Detailing the physical features, habits, territorial reach and other identifying qualities of the Cat-faced Spider.




The Cat-faced Spider is every gardener's friend, keeping watch over plants and consuming loads of pest insects.



 Updated: 10/26/2020; Authored By Staff Writer; Content ¬©www.InsectIdentification.org




The Cat-faced Spider is a common name shared by this species and a second North American spider. Its other common name, Jewel Spider, is also shared with an Australian spider. This name duplication illustrates the usefulness of using scientific names when addressing the identity of living things, which prompts gratitude for the work of Carl Linnaeus, the father of scientific nomenclature.

This harmless spider is an angulate spider, meaning it has two pronounced bumps at the top of its abdomen. The 'cat face' on the abdomen is created by these two bumps, which form the cat's 'ears', and the pattern in the center of the abdomen, which forms the 'face'. This spider is usually up-side-down in the garden, preferring to sit with its head toward the ground. Each individual spider may vary in color. Some are quite pale; others are a rich, tawny brown. Usually, a large female is found hiding in plant leaves or debris off to the side of the web, waiting to sense a tremor on the threads of silk. Males are smaller. A female will create an egg sac that holds about a hundred fertilized eggs in it. This egg sac will overwinter and in the spring, the spiderlings emerge and disperse using silk lines to help carry them away to new homes.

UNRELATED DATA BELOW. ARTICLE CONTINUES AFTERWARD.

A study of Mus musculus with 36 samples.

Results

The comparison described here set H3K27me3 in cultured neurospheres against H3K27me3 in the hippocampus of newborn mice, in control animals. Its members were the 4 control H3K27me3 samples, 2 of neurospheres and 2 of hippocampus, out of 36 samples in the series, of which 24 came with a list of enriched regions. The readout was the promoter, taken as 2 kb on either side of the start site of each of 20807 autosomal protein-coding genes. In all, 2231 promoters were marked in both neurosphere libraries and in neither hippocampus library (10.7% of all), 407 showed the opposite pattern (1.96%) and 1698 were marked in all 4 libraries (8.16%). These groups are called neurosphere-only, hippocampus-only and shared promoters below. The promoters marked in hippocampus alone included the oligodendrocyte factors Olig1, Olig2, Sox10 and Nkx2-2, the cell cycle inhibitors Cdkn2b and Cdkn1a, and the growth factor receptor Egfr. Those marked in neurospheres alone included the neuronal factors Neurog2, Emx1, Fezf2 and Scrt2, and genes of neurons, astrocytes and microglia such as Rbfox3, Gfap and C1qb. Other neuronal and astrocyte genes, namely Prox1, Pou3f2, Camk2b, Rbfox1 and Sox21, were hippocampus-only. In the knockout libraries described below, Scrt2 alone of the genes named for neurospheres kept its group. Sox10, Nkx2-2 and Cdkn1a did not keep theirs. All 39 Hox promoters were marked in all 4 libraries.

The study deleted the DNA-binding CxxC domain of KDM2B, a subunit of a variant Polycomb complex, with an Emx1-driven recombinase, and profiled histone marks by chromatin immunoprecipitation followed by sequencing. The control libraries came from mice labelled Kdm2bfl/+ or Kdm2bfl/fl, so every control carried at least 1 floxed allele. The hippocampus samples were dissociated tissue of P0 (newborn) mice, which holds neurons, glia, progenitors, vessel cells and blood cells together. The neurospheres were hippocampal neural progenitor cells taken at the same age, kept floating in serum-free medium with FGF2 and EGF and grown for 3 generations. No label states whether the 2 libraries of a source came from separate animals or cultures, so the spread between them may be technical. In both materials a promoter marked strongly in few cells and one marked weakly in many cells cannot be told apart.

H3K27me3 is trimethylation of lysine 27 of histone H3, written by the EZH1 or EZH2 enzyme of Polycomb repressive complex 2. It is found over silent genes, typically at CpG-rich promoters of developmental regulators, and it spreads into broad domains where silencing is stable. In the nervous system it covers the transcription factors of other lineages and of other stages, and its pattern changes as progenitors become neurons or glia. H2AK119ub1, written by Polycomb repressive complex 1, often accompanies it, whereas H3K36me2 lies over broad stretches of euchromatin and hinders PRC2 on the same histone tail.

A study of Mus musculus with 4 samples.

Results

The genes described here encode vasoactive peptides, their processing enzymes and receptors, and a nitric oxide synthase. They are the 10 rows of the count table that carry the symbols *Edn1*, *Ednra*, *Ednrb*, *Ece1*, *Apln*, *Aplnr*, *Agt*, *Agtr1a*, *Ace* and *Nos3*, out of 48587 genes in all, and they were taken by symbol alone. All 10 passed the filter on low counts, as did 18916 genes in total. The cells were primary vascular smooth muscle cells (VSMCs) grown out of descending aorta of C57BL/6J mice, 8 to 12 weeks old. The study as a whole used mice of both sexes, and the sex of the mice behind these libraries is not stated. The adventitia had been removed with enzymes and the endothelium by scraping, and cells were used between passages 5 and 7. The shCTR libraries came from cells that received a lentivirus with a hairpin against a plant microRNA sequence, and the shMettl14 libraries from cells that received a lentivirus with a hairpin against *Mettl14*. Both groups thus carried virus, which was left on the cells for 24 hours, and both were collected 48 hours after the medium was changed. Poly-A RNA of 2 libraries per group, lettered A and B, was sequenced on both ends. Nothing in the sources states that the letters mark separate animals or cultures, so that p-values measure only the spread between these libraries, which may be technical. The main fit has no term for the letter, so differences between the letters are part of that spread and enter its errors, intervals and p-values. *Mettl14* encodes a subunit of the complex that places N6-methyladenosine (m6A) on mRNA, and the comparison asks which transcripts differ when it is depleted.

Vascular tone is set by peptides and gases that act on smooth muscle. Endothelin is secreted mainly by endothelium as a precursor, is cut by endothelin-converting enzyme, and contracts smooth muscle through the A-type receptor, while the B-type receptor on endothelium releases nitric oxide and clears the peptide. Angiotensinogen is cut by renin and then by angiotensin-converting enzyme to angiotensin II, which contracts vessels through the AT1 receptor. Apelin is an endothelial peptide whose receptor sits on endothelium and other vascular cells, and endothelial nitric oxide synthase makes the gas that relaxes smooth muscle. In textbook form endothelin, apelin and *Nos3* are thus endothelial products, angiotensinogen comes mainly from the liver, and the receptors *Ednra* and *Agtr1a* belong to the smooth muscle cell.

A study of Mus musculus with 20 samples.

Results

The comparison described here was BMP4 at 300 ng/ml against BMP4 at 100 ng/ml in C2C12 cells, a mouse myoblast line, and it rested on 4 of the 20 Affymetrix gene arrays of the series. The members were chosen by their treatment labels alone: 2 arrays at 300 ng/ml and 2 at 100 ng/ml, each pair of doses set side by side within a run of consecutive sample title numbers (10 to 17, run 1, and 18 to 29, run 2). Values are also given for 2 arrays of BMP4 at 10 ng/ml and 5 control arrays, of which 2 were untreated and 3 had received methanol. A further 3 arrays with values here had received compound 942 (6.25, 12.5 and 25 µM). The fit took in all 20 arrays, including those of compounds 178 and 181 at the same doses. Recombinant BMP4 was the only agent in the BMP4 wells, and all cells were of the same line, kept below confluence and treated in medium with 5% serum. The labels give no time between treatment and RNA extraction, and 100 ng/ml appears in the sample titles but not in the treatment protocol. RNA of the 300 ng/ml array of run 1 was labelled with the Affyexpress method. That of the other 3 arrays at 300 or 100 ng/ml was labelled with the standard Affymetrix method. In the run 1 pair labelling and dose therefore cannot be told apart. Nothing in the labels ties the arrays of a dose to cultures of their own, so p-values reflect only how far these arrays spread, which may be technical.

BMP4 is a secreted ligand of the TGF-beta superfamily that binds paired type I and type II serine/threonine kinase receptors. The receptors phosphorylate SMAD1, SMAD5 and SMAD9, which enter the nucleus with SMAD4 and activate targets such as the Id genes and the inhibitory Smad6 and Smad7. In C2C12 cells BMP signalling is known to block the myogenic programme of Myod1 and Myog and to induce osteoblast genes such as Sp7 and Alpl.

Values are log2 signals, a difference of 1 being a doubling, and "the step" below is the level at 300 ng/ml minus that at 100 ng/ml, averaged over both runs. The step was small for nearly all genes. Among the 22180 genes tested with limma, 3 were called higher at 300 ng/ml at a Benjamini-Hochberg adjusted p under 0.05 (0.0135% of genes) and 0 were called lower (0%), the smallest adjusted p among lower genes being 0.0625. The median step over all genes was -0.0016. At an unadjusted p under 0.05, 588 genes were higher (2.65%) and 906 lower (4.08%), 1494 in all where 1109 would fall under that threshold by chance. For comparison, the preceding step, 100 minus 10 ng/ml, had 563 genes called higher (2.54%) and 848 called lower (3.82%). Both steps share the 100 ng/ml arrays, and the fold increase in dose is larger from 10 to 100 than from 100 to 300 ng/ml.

General Characteristics
Capability, Shape, Texture/Pattern, Benefits, Dangers
Species Breakdown
Kingdom: Animalia
  Phylum: Arthropoda
    Class: Arachnida
      Order: Araneae
        Family: Araneidae [ View More ]
          Genus: Araneus [ View More ]
            Species: gemmoides
Identifying Information
Size, Colors, Descriptors
Scientific Name: Araneus gemmoides
Other Name(s): Jewel Spider
Category: Spider
Size (Adult; Length): 5mm to 26mm (0.20in to 1.01in)
Colorwheel Graphic Colors: brown, white, yellow, ivory, red
Descriptors: spiky, bumpy, hairy, horns, biting, venomous, harmless, shoulders, angulate
Relative Size Comparison
Lo: 5mm | Hi: 26mm
Territorial Reach (A-to-Z)
U.S., Canada, and Mexico
Alabama
Alaska
Arizona
Arkansas
California
Colorado
Connecticut
Delaware
Florida
Georgia
Hawaii
Idaho
Illinois
Indiana
Iowa
Kansas
Kentucky
Louisiana
Maine
Maryland
Massachusetts
Michigan
Minnesota
Mississippi
Missouri
Montana
Nebraska
Nevada
New Hampshire
New Jersey
New Mexico
New York
North Carolina
North Dakota
Ohio
Oklahoma
Oregon
Pennsylvania
Rhode Island
South Carolina
South Dakota
Tennessee
Texas
Utah
Vermont
Virginia
Washington
West Virginia
Wisconsin
Wyoming
British Columbia
Manitoba
New Brunswick
Newfoundland and Labrador
Nova Scotia
Ontario
Prince Edward Island
Quebec
Saskatchewan
Mexican National Flag Graphic
Mexico
Note: An insect's reach is not limited by lines drawn on a map and therefore species may appear in areas, regions and/or states beyond those listed above as they are driven by environmental factors (such as climate change), available food supplies and mating patterns.
Territorial Map
U.S., Canada, and Mexico
Alaska  
Hawaii  
Prince Edward Is.  
Graphic showing basic parts of spider anatomy
1
Legs: Spiders have four pairs of legs and these are attached to the cephalothorax.
2
Pedipalps: Small appendages near the mouth used as taste and smell organs.
3
Cephalothorax: Contains eyes, head, mouthparts, and legs.
NOTE: Unlike insects, spiders have both an endoskeleton (internal) and exoskeleton (external).